Taken from The British Empire in the Nineteenth Century (Chapter V.) by Edgar Sanderson (1898)
Penal laws against the Roman Catholics—Restrictions upon Irish industries and trade— The Irish Parliament—Flood and Grattan—Convention of Dungannon—"Whiteboys" and "United Irishmen"—Formation of "Orange" lodges—Cruelties practised on the Roman Catholics—Irish rebellion of 1798—Act for union with Great Britain passed.
For nearly a century after the last conquest of Ireland, under William the Third, that unhappy country was quiescent with the apathy of exhaustion, misery, and despair. In Elizabeth's reign the native Celts had been hunted like wild beasts: their faith had been proscribed; their lands had been largely confiscated. Great further land robberies were perpetrated in the days of James the First, his son Charles, Cromwell, and William the Third. In one quarter alone, Ulster, the Protestant "plantation" of Scottish and English settlers, formed by James the First, was there any real prosperity.
After the surrender of Limerick in 1691, the treaty which promised religious freedom to the Catholics was grossly violated, and they were made subject to the action of severe "penal laws", passed in the Irish parliament, an assembly composed of Protestant lords, and of members returned for boroughs controlled by the crown or by patrons or by close corporations, and for counties dominated in election affairs by great proprietors of land. Catholics were not permitted to keep school; to go beyond seas, or to send others thither, for education in the Romish religion. Intermarriage with Protestants was disallowed, in case of the possession of an estate in Ireland. Children of mixed marriages were always to be brought up in the Protestant faith.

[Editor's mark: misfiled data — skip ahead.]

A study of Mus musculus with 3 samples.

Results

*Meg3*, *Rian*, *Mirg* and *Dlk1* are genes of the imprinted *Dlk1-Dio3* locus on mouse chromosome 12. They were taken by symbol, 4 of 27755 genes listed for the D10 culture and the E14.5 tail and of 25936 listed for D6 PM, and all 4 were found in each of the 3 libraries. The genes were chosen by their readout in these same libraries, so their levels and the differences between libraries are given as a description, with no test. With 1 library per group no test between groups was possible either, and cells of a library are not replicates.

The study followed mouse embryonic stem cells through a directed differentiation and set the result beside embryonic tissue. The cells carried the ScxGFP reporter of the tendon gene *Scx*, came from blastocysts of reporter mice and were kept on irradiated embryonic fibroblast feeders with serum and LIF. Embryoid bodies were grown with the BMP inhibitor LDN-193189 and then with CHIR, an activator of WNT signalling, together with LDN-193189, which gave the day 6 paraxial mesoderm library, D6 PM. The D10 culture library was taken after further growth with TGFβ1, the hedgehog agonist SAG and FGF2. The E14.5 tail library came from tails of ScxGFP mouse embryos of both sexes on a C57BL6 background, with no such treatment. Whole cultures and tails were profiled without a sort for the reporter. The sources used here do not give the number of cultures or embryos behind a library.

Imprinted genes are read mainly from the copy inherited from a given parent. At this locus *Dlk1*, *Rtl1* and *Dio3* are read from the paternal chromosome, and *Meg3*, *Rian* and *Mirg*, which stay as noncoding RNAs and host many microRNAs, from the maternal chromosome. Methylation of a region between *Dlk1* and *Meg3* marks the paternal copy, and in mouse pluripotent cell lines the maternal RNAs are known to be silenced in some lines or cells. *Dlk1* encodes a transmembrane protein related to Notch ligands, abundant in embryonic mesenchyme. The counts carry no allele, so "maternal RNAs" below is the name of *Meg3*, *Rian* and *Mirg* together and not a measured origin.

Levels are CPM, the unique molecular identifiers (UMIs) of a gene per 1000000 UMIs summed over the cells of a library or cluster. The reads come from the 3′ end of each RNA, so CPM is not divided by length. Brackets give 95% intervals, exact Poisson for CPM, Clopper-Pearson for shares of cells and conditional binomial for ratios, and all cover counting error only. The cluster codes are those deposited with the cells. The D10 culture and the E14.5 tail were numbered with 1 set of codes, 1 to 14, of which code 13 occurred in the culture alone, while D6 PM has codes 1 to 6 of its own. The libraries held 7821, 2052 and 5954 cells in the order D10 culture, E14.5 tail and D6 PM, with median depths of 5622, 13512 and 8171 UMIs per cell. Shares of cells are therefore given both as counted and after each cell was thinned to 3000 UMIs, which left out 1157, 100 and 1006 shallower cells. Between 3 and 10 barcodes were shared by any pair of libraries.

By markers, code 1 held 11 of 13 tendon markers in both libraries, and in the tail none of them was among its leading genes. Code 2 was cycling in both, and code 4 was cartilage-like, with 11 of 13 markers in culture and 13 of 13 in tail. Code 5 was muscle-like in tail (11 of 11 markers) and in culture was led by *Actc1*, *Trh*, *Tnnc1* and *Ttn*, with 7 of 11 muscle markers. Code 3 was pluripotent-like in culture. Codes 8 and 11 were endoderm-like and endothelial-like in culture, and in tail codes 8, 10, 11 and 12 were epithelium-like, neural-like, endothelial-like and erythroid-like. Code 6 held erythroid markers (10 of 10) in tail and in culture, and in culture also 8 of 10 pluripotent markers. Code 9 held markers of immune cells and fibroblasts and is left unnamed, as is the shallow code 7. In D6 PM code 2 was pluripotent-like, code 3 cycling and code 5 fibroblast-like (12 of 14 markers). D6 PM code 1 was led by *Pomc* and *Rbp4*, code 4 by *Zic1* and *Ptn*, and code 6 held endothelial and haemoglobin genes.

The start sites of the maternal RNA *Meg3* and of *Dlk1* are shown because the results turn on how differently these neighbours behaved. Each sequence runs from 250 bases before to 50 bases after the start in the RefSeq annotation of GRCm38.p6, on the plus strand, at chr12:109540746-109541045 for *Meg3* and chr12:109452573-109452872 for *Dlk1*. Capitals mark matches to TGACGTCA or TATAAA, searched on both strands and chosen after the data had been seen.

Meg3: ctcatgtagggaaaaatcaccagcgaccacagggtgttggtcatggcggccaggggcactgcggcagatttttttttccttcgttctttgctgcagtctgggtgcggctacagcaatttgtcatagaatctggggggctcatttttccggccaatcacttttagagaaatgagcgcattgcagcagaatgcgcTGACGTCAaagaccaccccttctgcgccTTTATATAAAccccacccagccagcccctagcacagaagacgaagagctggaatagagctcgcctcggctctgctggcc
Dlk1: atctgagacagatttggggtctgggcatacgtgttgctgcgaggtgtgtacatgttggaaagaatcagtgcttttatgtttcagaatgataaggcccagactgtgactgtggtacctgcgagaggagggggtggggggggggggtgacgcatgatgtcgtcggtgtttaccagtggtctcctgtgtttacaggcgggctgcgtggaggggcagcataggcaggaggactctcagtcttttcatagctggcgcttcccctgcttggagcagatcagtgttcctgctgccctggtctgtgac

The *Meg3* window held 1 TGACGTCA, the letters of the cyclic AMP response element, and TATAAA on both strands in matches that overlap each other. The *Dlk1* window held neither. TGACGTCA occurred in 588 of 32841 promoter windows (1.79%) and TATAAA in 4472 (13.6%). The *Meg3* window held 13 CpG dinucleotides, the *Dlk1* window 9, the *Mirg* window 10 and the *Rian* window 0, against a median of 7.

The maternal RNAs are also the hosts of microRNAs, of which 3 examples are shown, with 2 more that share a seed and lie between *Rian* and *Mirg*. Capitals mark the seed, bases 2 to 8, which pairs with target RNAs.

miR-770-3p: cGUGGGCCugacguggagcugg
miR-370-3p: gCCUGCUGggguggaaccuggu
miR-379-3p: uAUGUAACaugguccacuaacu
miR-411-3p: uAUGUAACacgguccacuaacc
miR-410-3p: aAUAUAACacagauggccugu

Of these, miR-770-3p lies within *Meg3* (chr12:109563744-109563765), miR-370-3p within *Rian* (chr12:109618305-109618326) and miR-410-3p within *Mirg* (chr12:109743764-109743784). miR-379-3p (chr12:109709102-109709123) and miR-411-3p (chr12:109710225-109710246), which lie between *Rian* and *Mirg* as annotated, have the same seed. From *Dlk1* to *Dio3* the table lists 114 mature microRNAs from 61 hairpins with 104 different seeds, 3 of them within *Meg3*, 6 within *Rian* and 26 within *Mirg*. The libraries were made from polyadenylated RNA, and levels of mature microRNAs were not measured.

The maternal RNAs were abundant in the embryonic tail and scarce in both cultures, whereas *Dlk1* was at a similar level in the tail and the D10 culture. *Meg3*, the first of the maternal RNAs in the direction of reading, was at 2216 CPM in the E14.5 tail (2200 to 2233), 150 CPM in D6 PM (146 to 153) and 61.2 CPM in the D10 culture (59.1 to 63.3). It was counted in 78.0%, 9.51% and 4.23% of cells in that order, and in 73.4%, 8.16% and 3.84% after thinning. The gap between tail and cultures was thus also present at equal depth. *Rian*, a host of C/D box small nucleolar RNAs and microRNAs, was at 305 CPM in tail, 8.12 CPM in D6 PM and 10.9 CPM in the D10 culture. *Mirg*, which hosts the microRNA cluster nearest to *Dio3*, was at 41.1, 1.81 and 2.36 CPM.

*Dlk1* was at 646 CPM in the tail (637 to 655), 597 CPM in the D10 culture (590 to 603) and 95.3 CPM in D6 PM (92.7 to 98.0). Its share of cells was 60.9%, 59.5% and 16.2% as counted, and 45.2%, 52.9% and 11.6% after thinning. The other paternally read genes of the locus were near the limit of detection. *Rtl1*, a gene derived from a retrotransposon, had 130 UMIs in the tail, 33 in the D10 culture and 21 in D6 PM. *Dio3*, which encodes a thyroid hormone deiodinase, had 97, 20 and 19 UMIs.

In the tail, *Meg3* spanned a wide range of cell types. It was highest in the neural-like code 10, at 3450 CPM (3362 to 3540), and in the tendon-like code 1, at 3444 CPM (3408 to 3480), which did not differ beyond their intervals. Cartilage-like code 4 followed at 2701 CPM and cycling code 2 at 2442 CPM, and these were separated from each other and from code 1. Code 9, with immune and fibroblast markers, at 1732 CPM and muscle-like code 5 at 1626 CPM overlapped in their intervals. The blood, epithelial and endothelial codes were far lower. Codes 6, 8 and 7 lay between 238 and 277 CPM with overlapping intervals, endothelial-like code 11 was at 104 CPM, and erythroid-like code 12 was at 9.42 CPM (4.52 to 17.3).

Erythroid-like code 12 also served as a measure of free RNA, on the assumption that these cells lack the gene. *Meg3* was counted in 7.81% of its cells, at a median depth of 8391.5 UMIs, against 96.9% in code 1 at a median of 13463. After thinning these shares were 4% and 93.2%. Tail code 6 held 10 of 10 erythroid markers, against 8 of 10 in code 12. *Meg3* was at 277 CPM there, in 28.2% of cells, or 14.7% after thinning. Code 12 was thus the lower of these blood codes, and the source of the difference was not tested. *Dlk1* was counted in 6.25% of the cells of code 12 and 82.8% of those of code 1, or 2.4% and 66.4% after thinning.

A "Papist" could not be guardian to any child, nor hold land, nor possess arms. He could not hold a commission in the army or navy, or be a private soldier. No Catholic could hold any office of honour or emolument in the state, or be a member of any corporation, or vote for members of the Commons, or, if he were a peer, sit or vote in the Lords. Almost all these personal disabilities were equally enforced by law against any Protestant who married a Catholic wife. It was a felony, with transportation, to teach the Catholic religion, and treason, as a capital offence, to convert a Protestant to the Catholic faith. The legislation devised for the Irish Catholics in that evil time was described by Burke as "a machine as well fitted for the oppression, impoverishment, and degradation of a people, and the debasement in them of human nature itself, as ever proceeded from the perverted ingenuity of man".
In Popular Rhymes and Sayings of Ireland (first published in 1924) John J. Marshall examines the origin of a variety of rhymes and sayings that were at one time in vogue around different parts of the country, including those which he recalled from his own childhood in County Tyrone. Numerous riddles, games and charms are recounted, as well as the traditions of the ‘Wren Boys’ and Christmas Rhymers. Other chapters describe the war cries of prominent Irish septs and the names by which Ireland has been personified in literature over the centuries.
The book is also available as a Kindle download.